Personal Protective Equipment (PPE), which is used for protection from exposure to coronavirus (COVID-19), is in short supply globally, but companies that import PPE are saying that they face challenges in getting the equipment to the countries that need it.
Leon Stoltz, CEO of Stoltz One, an international trading company based in Cape Town with offices in Atlanta, Tokyo and Zurich, says that a variety of factors are contributing to the global shortage but chief among them are middlemen looking to make a quick buck.
Stoltz says, “Middlemen are trying to insert themselves into orders and get a cut, which takes advantage of the current situation. We negotiate the best possible price with our suppliers but middlemen make competitive pricing impossible and end up pricing us out of the market.”
More than 1.3 million people worldwide have been infected with COVID-19, as of 7 April 2020 and according to Time.com, severe shortages of PPE are leading healthcare workers on the front lines in the US to create their own protective medical gear using office supplies.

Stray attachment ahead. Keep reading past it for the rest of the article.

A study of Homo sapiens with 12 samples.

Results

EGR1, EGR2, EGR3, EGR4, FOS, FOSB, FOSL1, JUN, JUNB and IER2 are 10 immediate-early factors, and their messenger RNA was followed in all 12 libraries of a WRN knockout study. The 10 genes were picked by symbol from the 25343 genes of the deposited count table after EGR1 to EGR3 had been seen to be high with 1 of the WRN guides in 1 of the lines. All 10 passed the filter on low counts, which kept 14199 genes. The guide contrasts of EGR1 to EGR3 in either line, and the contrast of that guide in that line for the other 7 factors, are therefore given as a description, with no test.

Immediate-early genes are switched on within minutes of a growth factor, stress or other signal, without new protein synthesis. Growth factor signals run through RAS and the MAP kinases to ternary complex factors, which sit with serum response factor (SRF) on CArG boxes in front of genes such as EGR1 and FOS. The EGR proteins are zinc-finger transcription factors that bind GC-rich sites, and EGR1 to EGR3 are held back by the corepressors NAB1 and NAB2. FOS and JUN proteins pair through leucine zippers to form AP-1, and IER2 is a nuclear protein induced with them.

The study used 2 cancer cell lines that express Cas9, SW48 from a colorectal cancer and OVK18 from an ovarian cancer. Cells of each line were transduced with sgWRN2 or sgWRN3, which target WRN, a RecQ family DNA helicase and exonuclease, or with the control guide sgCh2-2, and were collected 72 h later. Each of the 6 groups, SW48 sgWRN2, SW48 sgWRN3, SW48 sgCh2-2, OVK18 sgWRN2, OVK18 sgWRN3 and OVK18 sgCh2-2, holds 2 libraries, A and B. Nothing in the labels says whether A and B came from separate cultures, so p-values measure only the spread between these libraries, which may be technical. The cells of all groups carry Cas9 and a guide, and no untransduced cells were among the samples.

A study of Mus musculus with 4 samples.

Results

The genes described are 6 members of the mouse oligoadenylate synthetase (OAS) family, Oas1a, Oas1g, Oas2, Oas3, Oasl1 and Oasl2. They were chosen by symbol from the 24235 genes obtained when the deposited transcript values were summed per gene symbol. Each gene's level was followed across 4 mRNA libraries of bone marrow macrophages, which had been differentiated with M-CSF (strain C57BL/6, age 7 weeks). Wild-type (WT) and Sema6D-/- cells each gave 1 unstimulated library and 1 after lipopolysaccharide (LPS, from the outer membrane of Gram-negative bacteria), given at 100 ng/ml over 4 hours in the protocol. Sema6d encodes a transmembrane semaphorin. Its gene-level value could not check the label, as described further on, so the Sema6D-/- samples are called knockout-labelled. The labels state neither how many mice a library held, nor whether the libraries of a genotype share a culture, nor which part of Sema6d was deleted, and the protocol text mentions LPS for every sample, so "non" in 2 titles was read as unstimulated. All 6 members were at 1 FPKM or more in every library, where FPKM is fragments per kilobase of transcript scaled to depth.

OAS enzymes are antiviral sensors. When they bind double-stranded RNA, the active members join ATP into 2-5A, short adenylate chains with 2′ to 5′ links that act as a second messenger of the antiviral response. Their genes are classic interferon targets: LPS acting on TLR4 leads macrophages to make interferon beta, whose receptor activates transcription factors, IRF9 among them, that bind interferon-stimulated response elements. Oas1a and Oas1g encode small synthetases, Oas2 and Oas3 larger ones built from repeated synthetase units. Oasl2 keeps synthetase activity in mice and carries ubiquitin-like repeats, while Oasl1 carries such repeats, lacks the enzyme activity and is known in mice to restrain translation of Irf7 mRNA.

For Stoltz One, timing, supplier payment terms and additional quality testing are adding to the struggle to supply.
Grant Vanderwagen, Sales Director at Stoltz One says, “Middlemen cause delays by needing to go back and forth to decision-makers. Our suppliers have limited daily capacity and have had to set strict payment terms, which are 50% upon acceptance of the quote and 50% prior to issue of bill of lading, to purchase raw materials and cover the overheads needed to keep up with demand.”
Vanderwagen says that clients are also asking for samples to be shipped for testing, but there is no time for this additional step. “At the speed, our supplier is selling out daily, we have had to forego additional testing and trust the certifications provided by them. This is the best we can do to guarantee the standard of the product.”
Stoltz finished by saying, “While there are challenges, we trust our supplier to come through for our clients. We have a long-standing relationship with them but if there are client concerns, we recommend getting a surety bond for their own peace of mind. We just want to be of service.”